The eighth annual IIG awards brought with it a new category – “Classic” – for those great TV shows of the past that never made it to the Iggies. Also, a major television show sent one of its stars to accept an award, and Ron Lynch accepted a TTTV award on behalf of the actual culprit for the third time.
NBC’s “Parks and Recreation” received an Iggie for an episode dealing with that great skeptical bête noire – water fluoridation fears. Actor and writer Fred Stoller presented the award to Jim O’Heir who plays Jerry and/or Larry on the series. O’Heir was tickled pink announcing that, after winning a Golden Globe, and a Critics Choice Award, the presence of the Iggie completes their collection.
Also getting an Iggie was Fox’s new “Cosmos” series, with Houdini Hall of Honor inductee Neil deGrasse Tyson in the hosting role. Fred Stoller came back to present the award to. . . well no one. However, producer Ann Druyan sent us a lovely letter:
I’m honored that the IIG and CFI – Los Angeles, an organization I respect and have a lot of affection for, is giving Cosmos an Iggie. (Ironically, when the Emmy’s were given for 1980, the original Cosmos lost to Steve Allen’s show talk show, Meeting of Minds.)
Don’t know what material form an Iggie actually takes, but I look forward to receiving it.
With warmest regards to all present and all who support the IIG and CFI,
Another feature film won an Iggie this year, with Discovery Films documentary about James “The Amazing” Randi. The film titled “An Honest Liar” received an award presented by comedian Steven Hill, and director Tyler Measom communicated with the audience via Skype to accept the award and talk about working with the rambunctious Randi.
Truly Terrible Television
The first TTTV went to “Hangar 1: UFO Files” a tedious UFO conspiracy theory show that recycled tired, discredited, and embarrassing claims. No one accepted the award because, according the presenter Jim Underdown, the producers were all at AA.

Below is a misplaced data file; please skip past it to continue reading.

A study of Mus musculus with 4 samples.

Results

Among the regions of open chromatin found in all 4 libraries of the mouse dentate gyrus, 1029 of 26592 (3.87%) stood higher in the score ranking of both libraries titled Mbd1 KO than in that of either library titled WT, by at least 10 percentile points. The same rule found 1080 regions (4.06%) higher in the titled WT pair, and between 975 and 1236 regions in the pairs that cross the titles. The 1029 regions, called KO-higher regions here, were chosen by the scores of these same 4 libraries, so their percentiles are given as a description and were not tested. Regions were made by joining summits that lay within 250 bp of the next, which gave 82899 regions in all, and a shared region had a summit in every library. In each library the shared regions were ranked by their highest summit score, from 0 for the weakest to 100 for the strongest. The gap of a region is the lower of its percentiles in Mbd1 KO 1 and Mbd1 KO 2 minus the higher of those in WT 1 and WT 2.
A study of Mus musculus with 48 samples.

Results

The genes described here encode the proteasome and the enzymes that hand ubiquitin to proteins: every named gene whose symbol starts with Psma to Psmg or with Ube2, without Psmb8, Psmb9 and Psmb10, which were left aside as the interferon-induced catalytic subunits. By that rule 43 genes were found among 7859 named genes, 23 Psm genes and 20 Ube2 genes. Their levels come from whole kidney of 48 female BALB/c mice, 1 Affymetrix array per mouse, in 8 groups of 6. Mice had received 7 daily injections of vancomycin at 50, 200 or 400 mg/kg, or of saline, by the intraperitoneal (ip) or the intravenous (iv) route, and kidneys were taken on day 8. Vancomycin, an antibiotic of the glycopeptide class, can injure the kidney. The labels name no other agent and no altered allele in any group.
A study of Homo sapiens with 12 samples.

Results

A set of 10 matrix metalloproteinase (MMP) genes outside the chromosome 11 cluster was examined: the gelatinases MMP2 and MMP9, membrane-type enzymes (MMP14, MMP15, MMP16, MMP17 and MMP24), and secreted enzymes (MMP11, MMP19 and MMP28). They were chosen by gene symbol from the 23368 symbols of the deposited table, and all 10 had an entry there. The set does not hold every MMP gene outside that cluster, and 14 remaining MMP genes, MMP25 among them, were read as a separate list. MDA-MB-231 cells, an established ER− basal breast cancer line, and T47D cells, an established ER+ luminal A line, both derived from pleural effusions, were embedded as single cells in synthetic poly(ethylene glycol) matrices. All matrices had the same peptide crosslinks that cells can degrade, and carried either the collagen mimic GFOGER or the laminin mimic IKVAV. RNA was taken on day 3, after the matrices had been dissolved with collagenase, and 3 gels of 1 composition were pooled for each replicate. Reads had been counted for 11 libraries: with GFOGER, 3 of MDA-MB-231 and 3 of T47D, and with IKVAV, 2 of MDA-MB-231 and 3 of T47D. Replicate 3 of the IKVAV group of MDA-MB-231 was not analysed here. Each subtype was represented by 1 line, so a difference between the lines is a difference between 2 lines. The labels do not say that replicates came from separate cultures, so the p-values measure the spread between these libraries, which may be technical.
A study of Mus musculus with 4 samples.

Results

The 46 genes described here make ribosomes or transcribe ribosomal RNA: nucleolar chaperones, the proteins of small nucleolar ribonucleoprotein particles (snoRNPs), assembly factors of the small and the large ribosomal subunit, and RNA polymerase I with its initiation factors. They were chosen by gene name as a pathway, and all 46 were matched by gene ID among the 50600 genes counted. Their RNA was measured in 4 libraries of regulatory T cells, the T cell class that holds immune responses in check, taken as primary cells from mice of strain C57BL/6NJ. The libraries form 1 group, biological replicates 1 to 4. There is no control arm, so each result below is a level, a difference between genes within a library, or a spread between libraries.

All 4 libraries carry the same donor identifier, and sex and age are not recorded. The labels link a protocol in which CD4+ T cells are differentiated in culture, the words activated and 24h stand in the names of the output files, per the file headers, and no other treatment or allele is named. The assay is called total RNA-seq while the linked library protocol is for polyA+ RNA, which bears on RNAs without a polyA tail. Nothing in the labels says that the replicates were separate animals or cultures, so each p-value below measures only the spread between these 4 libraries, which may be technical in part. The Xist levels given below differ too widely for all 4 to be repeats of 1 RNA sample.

The preposterous “Ten Million Dollar Bigfoot Bounty” grabbed the other TTTV this year, for not just bad science, but for bad television. The show follows various idiots running around the woods at night, looking for the objectively non-existent anthropoid. Jim Underdown presented the award to real-life bigfoot hunter Bobo Moneymaker (actually Ron Lynch in costume). “Moneymaker” mocked our skeptical worldview, and, as the real Moneymaker had claimed on TV, insisted that he could track a bigfoot by investigating feces. IIG member John Rael met his challenge, and produced a platter of various mammal scat, and the most disgusting sketch in the history of the IIG Awards happened.
For the first time, the IIG went back in history to honor a great skeptical show for kids – “Scooby Doo, Where Are You!” – the original “Scooby Doo” series which always ended with supernatural scares being the product of an elaborate criminal hoax. Comedienne and actress Jann Karam presented the Iggie to the series co-creators Joe Ruby and Ken Spears. Ruby accepted the award via telephone, and Karam lead the audience in a chorus of the classic Scooby Doo Theme song for his benefit, but that ended quickly as we only knew the first few lines.
The show ended with a reception in the Steve Allen Theater lobby, and guests chatting, eating, and dreaming of 2015’s ceremony.